Benefits Of A Corporate Flat Tax
April 17, 2002
Since corporate income taxes are passed on to consumers, and the money they spend trying to lower their tax burdens creates a considerable drag on the economy, the corporate income tax rate should be slashed to zero, says former American Express chairman Harvey Golub. That would free up investment capital, promote growth and reveal the real cost of a tax "someone else pays."
Since that is unlikely, says Golub, Congress should eliminate almost all of the corporate tax code and create a single tax rate of, say 35 percent, paid on operating income -- earnings before interest and taxes. This would generate the same total tax revenue, but at a much lower economic cost.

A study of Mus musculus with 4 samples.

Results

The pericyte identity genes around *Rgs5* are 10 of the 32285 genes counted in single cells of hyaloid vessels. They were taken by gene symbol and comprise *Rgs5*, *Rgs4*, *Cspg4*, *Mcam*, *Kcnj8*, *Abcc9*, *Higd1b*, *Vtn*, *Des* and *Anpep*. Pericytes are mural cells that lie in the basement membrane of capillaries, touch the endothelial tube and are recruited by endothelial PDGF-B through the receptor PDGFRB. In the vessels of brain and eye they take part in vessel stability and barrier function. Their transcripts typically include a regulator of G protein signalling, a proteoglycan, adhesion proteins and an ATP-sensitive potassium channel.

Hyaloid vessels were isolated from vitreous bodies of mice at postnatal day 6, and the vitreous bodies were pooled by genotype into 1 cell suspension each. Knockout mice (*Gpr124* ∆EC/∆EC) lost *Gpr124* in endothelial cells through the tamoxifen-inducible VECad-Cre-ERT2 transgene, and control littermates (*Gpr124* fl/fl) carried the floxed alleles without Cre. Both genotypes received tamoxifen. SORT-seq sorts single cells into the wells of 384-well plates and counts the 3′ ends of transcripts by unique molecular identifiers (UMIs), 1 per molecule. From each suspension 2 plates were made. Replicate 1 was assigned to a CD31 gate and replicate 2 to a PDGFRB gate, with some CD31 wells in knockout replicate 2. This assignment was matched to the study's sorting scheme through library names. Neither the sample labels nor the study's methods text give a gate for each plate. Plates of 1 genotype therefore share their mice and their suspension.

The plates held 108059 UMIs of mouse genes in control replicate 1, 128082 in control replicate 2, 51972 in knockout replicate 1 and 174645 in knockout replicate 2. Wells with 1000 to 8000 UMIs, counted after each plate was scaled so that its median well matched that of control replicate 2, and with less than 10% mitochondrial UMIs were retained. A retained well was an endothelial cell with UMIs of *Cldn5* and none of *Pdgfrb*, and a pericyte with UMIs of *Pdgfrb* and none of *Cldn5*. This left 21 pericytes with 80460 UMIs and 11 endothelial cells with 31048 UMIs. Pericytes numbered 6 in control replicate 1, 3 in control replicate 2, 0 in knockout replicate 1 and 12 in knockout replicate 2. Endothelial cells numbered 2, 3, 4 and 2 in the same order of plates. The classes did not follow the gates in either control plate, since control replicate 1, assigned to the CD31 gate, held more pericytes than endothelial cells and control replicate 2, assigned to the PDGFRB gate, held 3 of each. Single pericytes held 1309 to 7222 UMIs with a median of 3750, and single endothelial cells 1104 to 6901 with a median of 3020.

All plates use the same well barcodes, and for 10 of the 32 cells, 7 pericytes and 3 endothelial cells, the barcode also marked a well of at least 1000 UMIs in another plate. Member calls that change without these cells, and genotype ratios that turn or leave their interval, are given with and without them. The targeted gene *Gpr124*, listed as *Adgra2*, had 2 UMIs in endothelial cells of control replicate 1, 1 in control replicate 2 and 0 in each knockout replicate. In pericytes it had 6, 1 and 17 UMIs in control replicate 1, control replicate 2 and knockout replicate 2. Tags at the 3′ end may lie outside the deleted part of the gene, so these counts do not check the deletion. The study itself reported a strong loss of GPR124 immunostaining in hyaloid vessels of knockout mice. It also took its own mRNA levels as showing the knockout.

Golub says the current corporate income tax is unfair:
- Corporate income taxes are one of the largest cost items for most companies, averaging fully half of reported after-tax income.
- The capital expended on corporate income taxes is completely unproductive.
- Due to the extraordinary lengths corporations go to in order to reduce the taxes they pay, the corporate tax burden in the U.S. averages about 35 percent of operating income, but many corporations pay little or no taxes while others pay up to half their income.
The difference in tax burdens affects their market value. For example, if two corporations have operating income of $10 per share and one pays 35 percent in taxes and the other 25 percent, at a price/earnings ratio of 20 one company is worth $130 per share and the other $150.
However, with an across-the-board 35 percent tax on operating income, corporations would find it difficult to reduce taxes without reducing net income, share prices and the value of their stock and stock options. The economy would benefit by eliminating a huge overhead burden.
Source: Harvey Golub, "Corporations Deserve a Flat Tax," Wall Street Journal, April 17, 2002.